New York's Premature Birth Rate Drops, Giving Babies a Healthier Start

ALBANY, N.Y. (January 4, 2013) – State Health Commissioner Nirav R. Shah, M.D., M.P.H., said today that New York State's rate of premature birth is dropping– giving hundreds of babies a healthier start in life. In 2009, 12.2 percent of New York's babies were born prematurely. As of 2011 New York has dropped to a rate of 10.9 percent –a relative decline of more than 10.6 percent in two years and better than the U.S. average of 11.7 percent.

Each year, more than one half-million babies are born in the United States before 37 weeks gestation, putting them at higher risk for infant death, as well as breathing problems, low blood sugar and other complications that often result in longer hospital stays in neonatal intensive care units. As these premature babies grow, they are more likely to develop significant health problems such as cerebral palsy, mental retardation, vision and hearing problems, and learning difficulties.

"Babies need a healthy start, and full-term pregnancy helps them get that start," Dr. Shah said. "Our work with birthing hospitals, home visiting programs and other practitioners to raise the quality of prenatal care and support women and their families during pregnancy is yielding results. We are also helping expectant parents learn that."

The costs of medical care for premature babies is 10 times higher than for full-term infants in their first year of life – about $30,000 vs. $3,000. As part of a national effort to reduce the complications and risk of death due to premature birth, in April 2012 Commissioner Shah pledged, with the Association of State and Territorial Health Officials (ASTHO) and the March of Dimes, to reduce New York State's premature birth rate by 8 percent by 2014 to 11.2 percent. New York State has achieved this goal and is working to improve even further by 2020 to no more than 9.6 percent of births.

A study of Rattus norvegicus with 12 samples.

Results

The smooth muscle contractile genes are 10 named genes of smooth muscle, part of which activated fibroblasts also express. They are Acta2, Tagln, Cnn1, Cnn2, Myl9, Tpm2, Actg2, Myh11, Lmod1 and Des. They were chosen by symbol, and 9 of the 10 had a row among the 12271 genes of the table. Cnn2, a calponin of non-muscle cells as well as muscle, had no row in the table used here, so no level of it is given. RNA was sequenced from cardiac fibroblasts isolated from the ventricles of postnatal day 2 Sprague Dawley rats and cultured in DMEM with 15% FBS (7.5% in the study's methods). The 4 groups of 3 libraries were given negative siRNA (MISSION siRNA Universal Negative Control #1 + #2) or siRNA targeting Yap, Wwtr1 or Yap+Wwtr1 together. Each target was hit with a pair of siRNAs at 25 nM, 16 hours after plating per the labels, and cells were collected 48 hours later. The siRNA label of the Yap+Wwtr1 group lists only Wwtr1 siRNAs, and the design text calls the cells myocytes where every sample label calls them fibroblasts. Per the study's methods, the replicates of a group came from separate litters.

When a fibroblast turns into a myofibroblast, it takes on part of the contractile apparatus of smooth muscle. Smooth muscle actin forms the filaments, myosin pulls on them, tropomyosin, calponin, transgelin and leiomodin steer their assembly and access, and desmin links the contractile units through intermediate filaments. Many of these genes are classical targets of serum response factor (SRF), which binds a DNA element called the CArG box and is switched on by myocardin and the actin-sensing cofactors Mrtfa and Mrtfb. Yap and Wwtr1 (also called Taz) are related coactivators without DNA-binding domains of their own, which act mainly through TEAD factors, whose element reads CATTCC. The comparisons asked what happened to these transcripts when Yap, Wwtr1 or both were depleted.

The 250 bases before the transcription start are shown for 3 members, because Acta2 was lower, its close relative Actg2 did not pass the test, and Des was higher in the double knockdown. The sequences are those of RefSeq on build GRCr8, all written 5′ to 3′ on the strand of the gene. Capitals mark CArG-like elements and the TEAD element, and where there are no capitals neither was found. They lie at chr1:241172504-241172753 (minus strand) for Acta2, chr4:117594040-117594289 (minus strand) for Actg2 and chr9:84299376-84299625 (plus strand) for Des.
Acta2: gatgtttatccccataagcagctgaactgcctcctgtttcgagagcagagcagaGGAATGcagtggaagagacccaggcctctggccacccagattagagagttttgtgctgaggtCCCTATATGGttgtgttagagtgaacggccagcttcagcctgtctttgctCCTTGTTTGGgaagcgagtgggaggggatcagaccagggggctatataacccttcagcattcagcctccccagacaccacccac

In September 2010, the New York State Department of Health (DOH) began collaborating with New York's Regional Perinatal Centers (RPCs) and the National Initiative for Children's Healthcare Quality (NICHQ) to improve and ensure the quality of obstetrical and neonatal care related to preterm births through the New York State Perinatal Quality Collaborative (NYSPQC). The NYSPQC Obstetrical Project seeks to reduce scheduled deliveries between 36 and 38 weeks gestation without medical indications. New York State has made great strides in decreasing the rate of these deliveries. As a result, planned cesarean sections and induced births dropped by two-thirds in New York State's RPCs from 2009-2011.

Dr. Shah noted that women can help to prevent premature birth by ensuring they are in optimal health before becoming pregnant and securing good prenatal care. "The best way for an expectant mother to have a healthy baby is to practice healthful behaviors herself," the Commissioner said. "Stopping tobacco and alcohol use, exercising, maintaining a healthy weight and normal blood pressure, seeking regular health care for medical issues such as diabetes and high blood pressure, and reducing stress all help."

In November 2012, the March of Dimes acknowledged New York State's improvement in the organization's annual premature birth report card. New York was given a grade of B, up from the 2011 grade of C. States were graded based on their progress toward achieving the March of Dimes national goal of lowering the preterm birth rate to 9.6 percent of births by 2020.

In an ongoing effort to combat prematurity, DOH recently announced the availability of funds to support community-based programs to improve maternal and infant health outcomes for high-need women and families in targeted communities. The overarching goal of the Maternal and Infant Health Request for Applications is to improve maternal and infant health outcomes for high-need women and to reduce racial, ethnic and economic disparities in those outcomes. Funded programs will work to improve specific maternal and infant health outcomes including preterm birth, low birth weight, infant mortality and maternal mortality rates through implementation of evidence-based and/or best practice strategies across the reproductive life course.